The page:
In a blog post from way back in 2014, I mentioned a couple with whom we are casual friends who had visited Italy. They stunned us when they told us how awful they found the food during their travels. Stunned us, because Bill and I loved the food in Italy. I would be hard-pressed to think of a meal that I didn’t like. Of course, I never did get brave enough to try the horsemeat that was on the menu during the spring months in northern Italy, so there’s that….
Anyway, what we concluded is that this couple was expecting Italian-American food, which is quite different from the food served in Italy. At least the food served in restaurants that didn’t cater to Americans. In a recent visit to an Italian restaurant in Mesa, we overheard the server introduce himself to the table next to us, and start out his whole spiel with the caveat that they featured genuine Italian food and not the Italian-American food with which most are familiar. He had apparently been pummeled with dissatisfied customers looking for spaghetti and meatballs.
One of the best foods we ate throughout Italy was pizza. Italian pizza is amazing, and we did plenty of research, I assure you. However, in general, it is quite different from pizza you would (and likely do) get in the U.S. For one thing, it is often baked in a wood-burning oven. Not a gas oven with flames, but an oven heated using some kind of hardwood and stoked by red-faced chefs to keep the 700-some temps in place. The crusts are generally thin, though not cracker-crust, and usually bubbly and toasted and imperfectly round. They are served unsliced, and the Italians eat them with a knife and fork. That was hard for us to get used to, but we managed to power through. They aren’t covered with red sauce and smothered in mozzarella cheese as they are here. Often there is no sauce at all, but only tomatoes, garlic, basil, fresh mozzarella, and hot peppers. Yum.
Don’t get me wrong. I’m not being a snob. I love pizza here in the good ol’ U.S. of A. But we sure did enjoy Italian pizza. While in Rome (where we probably ate the best pizza of all) we often dined with Bill’s nephew, a Catholic priest who at that time lived in Rome, and had for some time. The first time we had pizza with him, we were surprised when he turned up his nose at the first place we suggested.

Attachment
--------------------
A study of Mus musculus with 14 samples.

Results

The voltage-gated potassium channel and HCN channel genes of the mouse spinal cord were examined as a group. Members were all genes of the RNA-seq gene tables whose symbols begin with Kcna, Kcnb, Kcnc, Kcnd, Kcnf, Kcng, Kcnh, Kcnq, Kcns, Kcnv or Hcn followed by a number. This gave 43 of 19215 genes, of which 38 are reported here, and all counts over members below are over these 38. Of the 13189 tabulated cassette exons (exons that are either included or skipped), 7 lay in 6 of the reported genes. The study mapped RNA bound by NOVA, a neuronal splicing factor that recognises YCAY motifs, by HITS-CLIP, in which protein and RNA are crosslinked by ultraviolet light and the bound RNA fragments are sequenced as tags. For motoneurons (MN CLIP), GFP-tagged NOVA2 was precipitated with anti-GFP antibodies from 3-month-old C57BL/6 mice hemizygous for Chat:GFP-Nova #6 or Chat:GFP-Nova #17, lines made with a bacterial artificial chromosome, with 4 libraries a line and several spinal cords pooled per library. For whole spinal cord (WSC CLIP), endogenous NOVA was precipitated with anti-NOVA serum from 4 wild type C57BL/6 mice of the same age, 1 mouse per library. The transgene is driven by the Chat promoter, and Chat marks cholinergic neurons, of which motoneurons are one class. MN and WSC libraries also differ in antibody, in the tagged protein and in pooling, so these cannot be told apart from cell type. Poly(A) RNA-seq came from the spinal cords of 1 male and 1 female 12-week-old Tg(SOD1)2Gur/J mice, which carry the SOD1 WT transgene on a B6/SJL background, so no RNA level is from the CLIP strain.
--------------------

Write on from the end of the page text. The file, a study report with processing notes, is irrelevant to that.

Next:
Nope, he told us. That is pizza made for American tourists. He would look at the menu posted outside, and if the pizza cost more than five euros, he looked elsewhere. He didn’t steer us wrong, that’s for sure.
There is a pizza place in Phoenix that has pizza as much like Italian pizza as any we have found here in the United States. Pizzeria Bianco is located near downtown Phoenix, right across from Chase Field – home of the Arizona Diamondbacks. It is small in size, and if you try and go for dinner, fuggetaboudit. So we go at lunch, and always get right in. The smell when you enter is familiar – a combination of baked bread, burning wood, and red sauce.
The simple ingredients and the bubbly crust were also familiar, and oh so tasty….
Just as with many of the restaurants in which we dined throughout Italy, there is an herb garden from which the pizza chefs pull the fresh herbs that help give the amazing flavor to the pizzas….
My brother begs me – BEGS ME – to do a pizza review every Friday rather than a book review. I’m sticking with my book reviews because I like sharing books with my readers. But perhaps more than that, I’m reluctant to do any kind of food review because I hate tempting someone with a delicious pizza that’s in Phoenix and they live in Omaha. Or Seattle. You get the picture. Nevertheless, if you’re ever in Arizona, Pizzeria Bianco is a must-visit restaurant.
This post linked to Grammy’s Grid Link Party.